Research voyage shows vortex of plastic trash between South America and Africa
By Summit Voice
SUMMIT COUNTY — Buoys, buckets, crates and even hard hats are circulating at the center of a gyre in the South Atlantic Ocean, proving that there’s not just one “Texas-size island of garbage” in the north Pacific, as is often published in the mainstream media.
Instead the problem is global, according to researchers with the nonprofit 5 Gyres Institute.
“We have confirmed our suspicion that plastic marine pollution is a global issue, and not confined to the Northern Hemisphere,” said Marcus Eriksen, Ph.D., co-founder of the 5 Gyres Institute. The 5 Gyres crew, along with their collaborators at the Algalita Marine Research Foundation, have previously discovered plastic pollution in the North Atlantic, North Pacific and Indian Ocean.
The scientists recently sailed 4,100 miles from Rio de Janeiro to Cape Town, South Africa, collecting 67 samples from the ocean’s surface.
“Every sample contained small fragments of plastic,” said Anna Cummins, 5 Gyres co-founder. And, as the crew neared the Southern Atlantic gyre, a vortex where the detritus accumulates, “we counted hundreds of large floating objects, including fishing buoys, nets, buckets, crates, water bottles and construction hard hats.”
“The garbage patches we discover are highly diffuse, perhaps a little more than a handful of plastic particles scattered over a football field,” Eriksen says. “But there are 315 million-square kilometers of ocean surface in the world, so there are billions of these football fields. Do the math, the product is staggering. Practical solutions begin on land with improved recovery systems and better product stewardship where producers factor in the true environmental cost of their products.”
The 5 Gyres Institute, also collaborating with Pangaea Explorations, will hold a press conference in Cape Town on Dec. 10 to further discuss its findings. Once back in U.S., the samples will be analyzed to determine the amount of plastic on the sea surface by count and weight.
Crew member Chelsea Rochman, a UC Davis Ph.D student, will analyze more than 80 fish collected on the voyage for the presence of persistent organic pollutants (POPs) to investigate whether humans are being harmed by eating fish that have ingested plastic debris contaminated with these pollutants.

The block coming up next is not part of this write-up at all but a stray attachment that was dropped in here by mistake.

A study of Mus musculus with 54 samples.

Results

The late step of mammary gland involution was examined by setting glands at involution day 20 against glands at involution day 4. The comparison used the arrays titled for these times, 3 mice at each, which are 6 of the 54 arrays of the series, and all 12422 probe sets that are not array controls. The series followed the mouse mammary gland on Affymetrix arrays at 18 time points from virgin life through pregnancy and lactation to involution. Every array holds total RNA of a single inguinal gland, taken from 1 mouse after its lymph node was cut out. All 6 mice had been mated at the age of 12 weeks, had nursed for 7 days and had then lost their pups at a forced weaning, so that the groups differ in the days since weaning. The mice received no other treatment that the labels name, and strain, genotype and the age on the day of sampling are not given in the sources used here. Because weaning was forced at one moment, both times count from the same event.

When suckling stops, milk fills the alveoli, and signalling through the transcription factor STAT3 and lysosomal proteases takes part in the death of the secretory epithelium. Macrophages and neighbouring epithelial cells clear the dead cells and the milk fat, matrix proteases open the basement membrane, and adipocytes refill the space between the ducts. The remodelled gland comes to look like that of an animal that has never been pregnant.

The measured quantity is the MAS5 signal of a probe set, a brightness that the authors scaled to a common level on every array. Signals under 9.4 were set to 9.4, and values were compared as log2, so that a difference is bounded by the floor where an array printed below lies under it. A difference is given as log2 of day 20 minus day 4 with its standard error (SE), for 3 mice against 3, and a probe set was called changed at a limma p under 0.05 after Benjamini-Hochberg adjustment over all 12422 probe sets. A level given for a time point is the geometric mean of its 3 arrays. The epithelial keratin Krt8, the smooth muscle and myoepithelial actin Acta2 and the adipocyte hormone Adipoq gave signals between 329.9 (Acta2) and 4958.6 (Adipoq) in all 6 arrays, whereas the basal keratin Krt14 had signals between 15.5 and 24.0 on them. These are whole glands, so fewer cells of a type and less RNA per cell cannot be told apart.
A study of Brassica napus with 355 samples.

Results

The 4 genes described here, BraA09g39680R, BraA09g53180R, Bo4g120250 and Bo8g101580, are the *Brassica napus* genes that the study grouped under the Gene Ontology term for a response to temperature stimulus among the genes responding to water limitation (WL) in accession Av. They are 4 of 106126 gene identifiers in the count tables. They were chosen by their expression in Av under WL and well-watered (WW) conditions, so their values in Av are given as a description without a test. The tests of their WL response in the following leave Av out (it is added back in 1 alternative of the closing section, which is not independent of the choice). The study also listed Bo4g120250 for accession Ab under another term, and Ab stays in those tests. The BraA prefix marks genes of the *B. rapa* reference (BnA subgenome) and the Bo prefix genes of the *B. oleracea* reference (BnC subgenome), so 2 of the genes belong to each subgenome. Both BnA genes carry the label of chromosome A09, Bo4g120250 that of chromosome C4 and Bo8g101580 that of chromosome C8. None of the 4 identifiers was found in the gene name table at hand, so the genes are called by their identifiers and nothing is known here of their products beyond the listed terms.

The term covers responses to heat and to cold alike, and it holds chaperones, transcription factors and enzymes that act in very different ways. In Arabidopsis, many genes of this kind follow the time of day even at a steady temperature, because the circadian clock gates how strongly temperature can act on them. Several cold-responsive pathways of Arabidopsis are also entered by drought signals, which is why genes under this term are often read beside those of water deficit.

Eriksen and Cummins oversaw a 13-member crew of researchers, journalists and others including American pro surfers Mary Osborne and James Pribram.
“For the first week of the voyage, I really expected to see a plastic trash island the size of Texas,” Pribram said. “I finally realized that there is no such thing, and that the reality is much worse. It baffles me that media perpetuate such a pervasive myth about such an important issue.”
Eriksen and Cummins, residents of Santa Monica, Calif., will produce a baseline data set of plastic pollution in the Southern Hemisphere, and contribute to what is already known about the North Pacific and North Atlantic. In cooperation with AMRF, they will launch the Traveling Trawl Program, a citizen science program that encourages the public and sailors to use their equipment to collect samples from around the world.
In 2011, the 5 Gyres Institute will investigate plastic marine pollution in the South Pacific Gyre, another subtropical gyre unstudied to date.
5 Gyres is working closely with the United Nations Environmental Program’s Safe Planet campaign. Sponsors include Chaco USA, Quiksilver Foundation, and Ecousable.
About 5 Gyres Institute
5 Gyres Institute is a nonprofit organization committed to meaningful change through adventure, research and education. 5 Gyre disseminates its findings through national lecture tours and raises awareness about marine plastic pollution through sea expeditions including JUNKraft, a boat built in 2008 of 15,000 plastic bottles that sailed from California to Hawaii. 5 Gyres partners include the Algalita Marine Research Foundation and Pangaea Explorations, which provide a marine laboratory and research vessel, respectively. After studying the five subtropical gyres, 5 Gyres will monitor the 5 gyres through annual expeditions, and a Traveling Trawl Program, which loan research equipment to volunteer “citizen scientists.” 5 Gyres will share information with the public through a traveling exhibition on the issue, an international lecture series, and another plastic bottle raft to float across the North Atlantic in 2013.